The market is warm to the idea, but we don't see a meaningful long-term impact for companies in this space.


We think that the coronavirus-vaccine-related windfall meaningfully adds to the biopharma cold chain's total addressable market, and we expect that this market will grow over 1.5 times the compound annual growth rate of the broader cold-chain market. Further, a short-term windfall could add hundreds of millions of dollars in sales for Emerson (EMR), Carrier (CARR), and Trane Technologies (TT) by 2022.

Nevertheless, we don't see a meaningful, long-term impact for these companies. Indeed, we estimate that healthcare cold-chain sales will represent less than 2% of total sales for these firms by 2025. Even the short-term windfall in a bull-case scenario would only represent just over 2% of sales in 2022. Yet, despite the media attention that this opportunity receives, even if these firms' healthcare cold-chain businesses were to grow at multiples of their core businesses and each firm manages to capture incremental share in the healthcare cold-chain market, it won't budge valuations by more than a few percentage points, at best.

Vaccine Transport Will Only Make a Marginal Impact on Firms' Revenue

Make no mistake, the vaccine cold chain is extremely complicated--and extremely essential.

Properly maintaining the chain entails complex choreography that requires suppliers to follow several critical procedures. The infrastructure includes equipment and facilities such as refrigerators, freezers, cold rooms, ice boxes, temperature-monitoring devices, and dry ice. In certain vaccines, deviating from recommended temperatures could result in permanent loss of potency and ultimately spoilage. And a breakdown in the cold chain could require extra doses for patients, who may not comply, and also lead to a loss of public confidence in vaccinations.

Additionally, we've seen estimates that only 25 to 30 countries have ultracold infrastructure in place, leaving open much market opportunity.

But despite this need, even in the strongest bull-case scenario (which is unlikely), biopharma cold-chain sales would be marginal: We expect they would add an unremarkable $150 million of incremental sales to Emerson Electric's 2025 Visible Alpha consensus sales expectations of $21.8 billion and less than $300 million of incremental sales to Carrier and Trane's 2025 consensus sales expectations of $23.0 billion and $16.6 billion, respectively. Despite a short-term windfall in both 2021 and 2022, long-term incremental sales aren't enough to meaningfully affect stock valuations of the industrials we cover.

Admittedly, the question of whether COVID-19 becomes endemic is an important variable that will impact this sector's potential. But even so, we still think it's reasonable to expect that:

  • COVID-19-related demand will begin to normalize in the latter years of our forecast, and
  • Pharmaceutical companies may seek additional commercial opportunities for their COVID-19 vaccines, including annual boosters for more vulnerable segments of the population and repricing.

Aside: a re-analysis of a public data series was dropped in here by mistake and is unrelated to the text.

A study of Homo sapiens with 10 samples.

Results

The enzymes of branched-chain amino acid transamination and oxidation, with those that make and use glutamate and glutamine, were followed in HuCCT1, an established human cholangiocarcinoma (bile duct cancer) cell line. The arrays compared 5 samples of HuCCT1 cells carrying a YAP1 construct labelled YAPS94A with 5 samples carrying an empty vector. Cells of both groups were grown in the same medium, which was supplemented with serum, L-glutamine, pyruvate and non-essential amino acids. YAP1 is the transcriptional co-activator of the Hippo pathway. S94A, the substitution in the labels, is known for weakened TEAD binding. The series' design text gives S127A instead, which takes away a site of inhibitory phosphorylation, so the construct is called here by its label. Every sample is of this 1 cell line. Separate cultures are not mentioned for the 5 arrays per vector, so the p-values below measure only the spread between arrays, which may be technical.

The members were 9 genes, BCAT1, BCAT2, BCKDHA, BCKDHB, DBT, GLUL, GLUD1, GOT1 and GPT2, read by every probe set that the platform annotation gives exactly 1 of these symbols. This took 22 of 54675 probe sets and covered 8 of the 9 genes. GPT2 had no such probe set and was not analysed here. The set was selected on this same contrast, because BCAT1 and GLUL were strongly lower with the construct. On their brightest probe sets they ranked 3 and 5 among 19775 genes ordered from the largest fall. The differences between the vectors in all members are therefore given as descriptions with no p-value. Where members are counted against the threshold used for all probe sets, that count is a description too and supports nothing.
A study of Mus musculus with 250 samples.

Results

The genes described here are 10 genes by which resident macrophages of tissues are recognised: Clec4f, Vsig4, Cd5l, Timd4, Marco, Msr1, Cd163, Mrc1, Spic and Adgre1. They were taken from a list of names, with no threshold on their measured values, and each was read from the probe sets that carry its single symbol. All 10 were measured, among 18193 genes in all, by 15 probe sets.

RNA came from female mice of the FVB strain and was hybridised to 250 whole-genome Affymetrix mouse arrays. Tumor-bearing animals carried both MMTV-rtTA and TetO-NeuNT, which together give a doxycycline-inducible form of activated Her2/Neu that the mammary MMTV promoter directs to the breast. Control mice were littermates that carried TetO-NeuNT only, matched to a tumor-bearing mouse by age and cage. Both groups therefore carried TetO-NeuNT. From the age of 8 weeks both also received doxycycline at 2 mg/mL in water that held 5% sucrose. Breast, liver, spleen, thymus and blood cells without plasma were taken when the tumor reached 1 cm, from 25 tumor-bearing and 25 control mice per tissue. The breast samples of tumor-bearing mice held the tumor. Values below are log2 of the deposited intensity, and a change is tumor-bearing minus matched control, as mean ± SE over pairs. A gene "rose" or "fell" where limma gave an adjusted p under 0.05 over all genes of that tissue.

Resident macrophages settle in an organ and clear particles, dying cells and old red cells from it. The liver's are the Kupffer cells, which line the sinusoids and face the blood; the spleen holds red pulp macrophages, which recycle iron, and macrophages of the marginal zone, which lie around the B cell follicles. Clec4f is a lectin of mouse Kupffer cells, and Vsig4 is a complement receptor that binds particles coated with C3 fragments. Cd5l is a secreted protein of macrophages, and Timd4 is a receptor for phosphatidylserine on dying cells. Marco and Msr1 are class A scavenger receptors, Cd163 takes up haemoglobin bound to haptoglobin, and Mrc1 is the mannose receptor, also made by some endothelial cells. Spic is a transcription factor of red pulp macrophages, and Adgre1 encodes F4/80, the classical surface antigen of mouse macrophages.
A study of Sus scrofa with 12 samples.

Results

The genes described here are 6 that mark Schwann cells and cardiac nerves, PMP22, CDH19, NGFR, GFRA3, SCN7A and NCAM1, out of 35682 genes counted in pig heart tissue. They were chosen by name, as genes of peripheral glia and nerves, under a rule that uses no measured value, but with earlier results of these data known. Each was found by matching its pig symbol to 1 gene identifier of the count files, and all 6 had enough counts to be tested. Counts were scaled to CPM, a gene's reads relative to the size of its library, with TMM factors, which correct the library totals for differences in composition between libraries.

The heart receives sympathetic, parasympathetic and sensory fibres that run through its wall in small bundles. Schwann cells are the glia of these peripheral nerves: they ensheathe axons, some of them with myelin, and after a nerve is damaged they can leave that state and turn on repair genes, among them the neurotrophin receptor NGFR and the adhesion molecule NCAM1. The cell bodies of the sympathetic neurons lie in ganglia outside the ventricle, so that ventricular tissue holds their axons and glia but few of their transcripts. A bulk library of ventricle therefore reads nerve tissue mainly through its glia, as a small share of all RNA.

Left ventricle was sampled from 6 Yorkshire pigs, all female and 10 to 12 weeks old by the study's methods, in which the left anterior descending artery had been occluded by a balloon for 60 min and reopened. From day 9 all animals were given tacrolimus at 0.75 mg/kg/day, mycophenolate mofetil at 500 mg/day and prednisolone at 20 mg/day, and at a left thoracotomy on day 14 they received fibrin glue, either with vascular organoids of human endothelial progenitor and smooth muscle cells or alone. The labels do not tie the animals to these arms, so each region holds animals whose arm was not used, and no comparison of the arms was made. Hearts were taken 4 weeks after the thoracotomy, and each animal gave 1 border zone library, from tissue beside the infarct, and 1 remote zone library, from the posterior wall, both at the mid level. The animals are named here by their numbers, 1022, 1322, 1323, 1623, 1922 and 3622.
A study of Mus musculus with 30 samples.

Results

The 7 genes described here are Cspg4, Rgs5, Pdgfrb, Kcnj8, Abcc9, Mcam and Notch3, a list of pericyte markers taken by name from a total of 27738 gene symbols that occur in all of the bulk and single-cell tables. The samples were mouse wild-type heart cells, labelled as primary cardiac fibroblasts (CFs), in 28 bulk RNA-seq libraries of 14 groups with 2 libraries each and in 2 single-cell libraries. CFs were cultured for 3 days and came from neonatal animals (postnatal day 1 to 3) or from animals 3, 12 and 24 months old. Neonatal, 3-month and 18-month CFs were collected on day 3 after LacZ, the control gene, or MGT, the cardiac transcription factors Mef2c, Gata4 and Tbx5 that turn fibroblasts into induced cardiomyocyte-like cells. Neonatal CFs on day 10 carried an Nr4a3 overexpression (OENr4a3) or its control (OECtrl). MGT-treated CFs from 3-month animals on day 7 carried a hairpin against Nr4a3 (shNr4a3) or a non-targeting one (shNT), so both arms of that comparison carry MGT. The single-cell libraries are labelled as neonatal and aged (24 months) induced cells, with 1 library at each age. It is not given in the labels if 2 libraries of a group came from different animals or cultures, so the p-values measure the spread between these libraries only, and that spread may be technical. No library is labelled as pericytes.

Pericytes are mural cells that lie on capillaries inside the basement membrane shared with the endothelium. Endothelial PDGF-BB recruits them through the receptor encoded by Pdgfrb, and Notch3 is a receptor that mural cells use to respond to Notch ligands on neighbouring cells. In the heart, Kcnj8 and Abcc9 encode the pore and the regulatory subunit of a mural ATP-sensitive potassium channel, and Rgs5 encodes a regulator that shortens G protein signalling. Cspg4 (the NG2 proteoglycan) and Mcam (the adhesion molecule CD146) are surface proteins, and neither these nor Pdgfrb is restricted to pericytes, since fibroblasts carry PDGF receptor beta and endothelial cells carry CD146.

Morningstar Rating: ★★★
Morningstar Economic Moat Rating: Wide
Fair Value Estimate (as of July 28, 2021): $100

Considering its commercial and residential solutions sales, we find that Emerson's healthcare vertical represented only about 5% of the firm's total 2020 cold-chain sales, and less than 1% of total 2020 sales. Emerson's own figures estimate about a 15% market share of its total cold-chain serviceable addressable market.

Even assuming an unlikely scenario in which Emerson is able to capture 10% greater market share than it currently enjoys, the COVID-19 vaccine cold-chain-related windfall would not make a material impact on its valuation.

That said, because healthcare only represents one small end market in the firm's cold-chain sales, it's possible that the pandemic may present additional cold-chain opportunities for Emerson, such as food retail. Still, we don't expect these opportunities to make an outsize impact on Emerson's bottom line, or greatly enrich shareholders, because of the firm's small base.


Morningstar Rating: ★★
Morningstar Economic Moat Rating: Narrow
Fair Value Estimate (as of July 28, 2021): $37

Trane Technologies

Morningstar Rating: ★
Morningstar Economic Moat Rating: Narrow
Fair Value Estimate (as of July 28, 2021): $115

We think the cold-chain growth opportunity stemming from COVID-19 vaccine distribution could benefit Carrier and Trane's transport refrigeration businesses. However, this business represents less than 20% of sales for Trane and less than 15% of sales for Carrier. Again, consider that temperature-sensitive pharmaceuticals represent just a fraction of all perishable goods. Assuming these firms' pharmaceutical-related cold-chain sales grow in line with our market expectations, this portion of the business could more than triple compared with 2020 levels over the near term. But even so, we estimate it would represent less than 4% of consolidated revenue for both Carrier and Trane, and this incremental revenue will pale in comparison to other growth opportunities.

Joshua Aguilar does not own (actual or beneficial) shares in any of the securities mentioned above. Find out about Morningstar’s editorial policies.